As a nonprofit board member, you should understand the following income statement concepts.

  • The income statement is a report showing financial results over a period of time. The period of time can be a month, quarter, or year, and is often reflected as YTD or year to date.
  • An income statement should include details on the budget, actuals, income, expenses, and budget variances.
  • Internal reporting to board members, key staff, etc. should be completed on a consistent, timely basis, and reports should facilitate informed decision-making.
  • External reporting to funders, donors, banks, etc. should meet any specific requirements outlined by the requesting party and should be reviewed with an understanding that your financial reports tell a story about your organization.
  • Think intentionally about your nonprofit’s revenue diversification. Multiple sources of funding help ensure financial stability and protect against substantial program interruption that may come from a sudden change or loss of a significant funding source.

There are income statement-related actions that you can take to develop and instill a strong nonprofit finance culture within your organization.

  • Review the income statement monthly for significant variances, anything unusual, or any unexpected trends. Understanding budget variances is important, and the real board work is determining any action the organization may need to take. If you have questions after reviewing the income statement, do not be afraid to ask for more information.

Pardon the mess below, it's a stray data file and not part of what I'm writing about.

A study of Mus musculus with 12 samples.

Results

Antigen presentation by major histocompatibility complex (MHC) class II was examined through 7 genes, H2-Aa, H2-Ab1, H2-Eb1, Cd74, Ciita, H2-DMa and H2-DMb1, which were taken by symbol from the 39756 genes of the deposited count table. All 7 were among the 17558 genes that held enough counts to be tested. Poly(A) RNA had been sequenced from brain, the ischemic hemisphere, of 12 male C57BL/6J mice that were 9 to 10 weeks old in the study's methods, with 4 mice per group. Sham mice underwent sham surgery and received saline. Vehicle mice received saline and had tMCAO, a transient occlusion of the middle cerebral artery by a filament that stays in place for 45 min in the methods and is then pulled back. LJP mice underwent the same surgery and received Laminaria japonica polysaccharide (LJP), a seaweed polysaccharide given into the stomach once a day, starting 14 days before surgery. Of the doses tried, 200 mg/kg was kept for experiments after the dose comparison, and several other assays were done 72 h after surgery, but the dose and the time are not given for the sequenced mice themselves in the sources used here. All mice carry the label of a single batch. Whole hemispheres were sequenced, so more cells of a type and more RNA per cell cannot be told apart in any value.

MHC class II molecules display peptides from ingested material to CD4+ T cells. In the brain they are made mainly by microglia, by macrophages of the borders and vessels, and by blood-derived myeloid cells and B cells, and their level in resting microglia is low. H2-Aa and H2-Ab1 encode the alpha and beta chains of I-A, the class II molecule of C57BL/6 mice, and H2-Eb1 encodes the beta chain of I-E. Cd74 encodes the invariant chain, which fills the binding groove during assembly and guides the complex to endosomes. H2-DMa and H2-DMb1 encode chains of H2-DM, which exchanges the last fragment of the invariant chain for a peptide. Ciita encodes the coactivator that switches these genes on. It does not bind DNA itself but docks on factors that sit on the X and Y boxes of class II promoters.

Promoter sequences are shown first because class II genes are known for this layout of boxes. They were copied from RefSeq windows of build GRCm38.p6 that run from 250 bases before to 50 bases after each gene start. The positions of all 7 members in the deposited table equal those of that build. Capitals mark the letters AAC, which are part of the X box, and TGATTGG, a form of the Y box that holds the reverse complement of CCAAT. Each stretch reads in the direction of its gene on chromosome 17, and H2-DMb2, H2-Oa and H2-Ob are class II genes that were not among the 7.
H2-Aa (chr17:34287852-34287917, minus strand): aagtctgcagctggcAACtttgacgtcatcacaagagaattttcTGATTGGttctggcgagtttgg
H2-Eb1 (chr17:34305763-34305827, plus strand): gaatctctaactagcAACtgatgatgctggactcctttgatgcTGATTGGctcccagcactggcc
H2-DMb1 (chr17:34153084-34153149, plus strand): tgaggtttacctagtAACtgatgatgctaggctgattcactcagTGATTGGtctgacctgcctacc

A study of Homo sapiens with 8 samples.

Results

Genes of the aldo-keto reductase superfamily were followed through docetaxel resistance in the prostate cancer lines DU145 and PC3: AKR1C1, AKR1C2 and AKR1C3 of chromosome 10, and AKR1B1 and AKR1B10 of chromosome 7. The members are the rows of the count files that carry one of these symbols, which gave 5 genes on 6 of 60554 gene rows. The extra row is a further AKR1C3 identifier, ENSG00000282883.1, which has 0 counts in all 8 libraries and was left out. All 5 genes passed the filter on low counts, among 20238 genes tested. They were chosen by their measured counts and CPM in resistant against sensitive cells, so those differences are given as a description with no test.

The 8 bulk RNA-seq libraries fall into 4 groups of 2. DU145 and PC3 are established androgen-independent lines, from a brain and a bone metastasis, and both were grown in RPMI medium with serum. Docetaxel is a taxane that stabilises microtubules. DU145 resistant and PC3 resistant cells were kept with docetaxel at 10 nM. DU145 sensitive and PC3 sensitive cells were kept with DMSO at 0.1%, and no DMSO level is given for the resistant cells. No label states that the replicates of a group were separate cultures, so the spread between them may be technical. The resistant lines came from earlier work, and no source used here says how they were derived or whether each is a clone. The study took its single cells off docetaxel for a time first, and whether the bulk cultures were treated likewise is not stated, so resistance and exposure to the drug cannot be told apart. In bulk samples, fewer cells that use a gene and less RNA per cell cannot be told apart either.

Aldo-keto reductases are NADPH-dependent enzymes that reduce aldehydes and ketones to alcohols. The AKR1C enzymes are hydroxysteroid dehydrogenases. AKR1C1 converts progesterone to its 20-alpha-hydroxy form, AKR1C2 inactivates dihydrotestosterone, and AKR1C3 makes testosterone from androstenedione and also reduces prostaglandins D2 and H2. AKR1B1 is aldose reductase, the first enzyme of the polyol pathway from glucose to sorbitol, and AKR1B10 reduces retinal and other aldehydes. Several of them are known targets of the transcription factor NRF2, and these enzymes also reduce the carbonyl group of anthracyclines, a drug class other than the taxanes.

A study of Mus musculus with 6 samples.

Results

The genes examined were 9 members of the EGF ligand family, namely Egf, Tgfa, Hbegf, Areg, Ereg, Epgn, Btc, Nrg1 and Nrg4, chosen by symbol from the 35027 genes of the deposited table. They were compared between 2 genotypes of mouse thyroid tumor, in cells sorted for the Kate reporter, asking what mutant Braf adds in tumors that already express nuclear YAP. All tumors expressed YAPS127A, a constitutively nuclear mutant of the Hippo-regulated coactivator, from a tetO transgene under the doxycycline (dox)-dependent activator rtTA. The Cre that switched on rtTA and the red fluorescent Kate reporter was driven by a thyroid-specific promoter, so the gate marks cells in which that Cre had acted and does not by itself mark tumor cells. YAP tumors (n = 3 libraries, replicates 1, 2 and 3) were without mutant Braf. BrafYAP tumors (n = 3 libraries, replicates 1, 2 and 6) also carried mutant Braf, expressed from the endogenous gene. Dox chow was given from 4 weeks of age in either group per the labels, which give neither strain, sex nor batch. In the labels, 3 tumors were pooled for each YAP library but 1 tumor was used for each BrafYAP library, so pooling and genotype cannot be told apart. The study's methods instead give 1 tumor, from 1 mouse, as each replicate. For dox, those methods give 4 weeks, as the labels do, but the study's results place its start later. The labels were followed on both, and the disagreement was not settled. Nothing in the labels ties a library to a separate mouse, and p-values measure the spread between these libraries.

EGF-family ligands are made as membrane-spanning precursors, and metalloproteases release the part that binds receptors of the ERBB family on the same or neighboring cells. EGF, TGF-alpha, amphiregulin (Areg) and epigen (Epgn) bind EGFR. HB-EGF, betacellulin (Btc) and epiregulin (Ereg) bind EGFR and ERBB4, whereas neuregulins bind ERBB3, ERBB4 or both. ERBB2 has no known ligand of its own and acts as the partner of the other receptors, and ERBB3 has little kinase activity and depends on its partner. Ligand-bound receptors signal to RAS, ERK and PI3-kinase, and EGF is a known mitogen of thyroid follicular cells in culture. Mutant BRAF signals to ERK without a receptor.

• Compare the story you are receiving about the organization from things like executive director reports, committee reports, or newsletters to the income statement. Ask questions when items seem inconsistent.
  • With an understanding of your nonprofit’s income, develop strategies for diversifying sources of funding. Research what other organizations are doing to diversify income.
Reflect

Reflect...

Review your organization’s most recent income statement. Here are some questions to ask yourself. Consider asking these questions across several board meetings to see how your answers change over time.

Period of Time:

  • What period of time is captured?
  • Is the period of time frequent enough for the board and organization’s needs?

Budget vs. Actual:

  • How is your organization financially doing relative to your budget?

Budget Variances:

  • Does the income statement show any large budget variances? If yes, why?
  • Is the board and organization taking action related to the budget variances?

Reporting:

  • Is the income statement formatted and at the right level of detail to give you and the board the information needed for informed decision-making?
  • What format changes or additional information could make the income statement more meaningful?

Revenue Diversification:

  • How diversified are the organization’s funding sources?
  • Is the organization overly dependent on a single revenue source?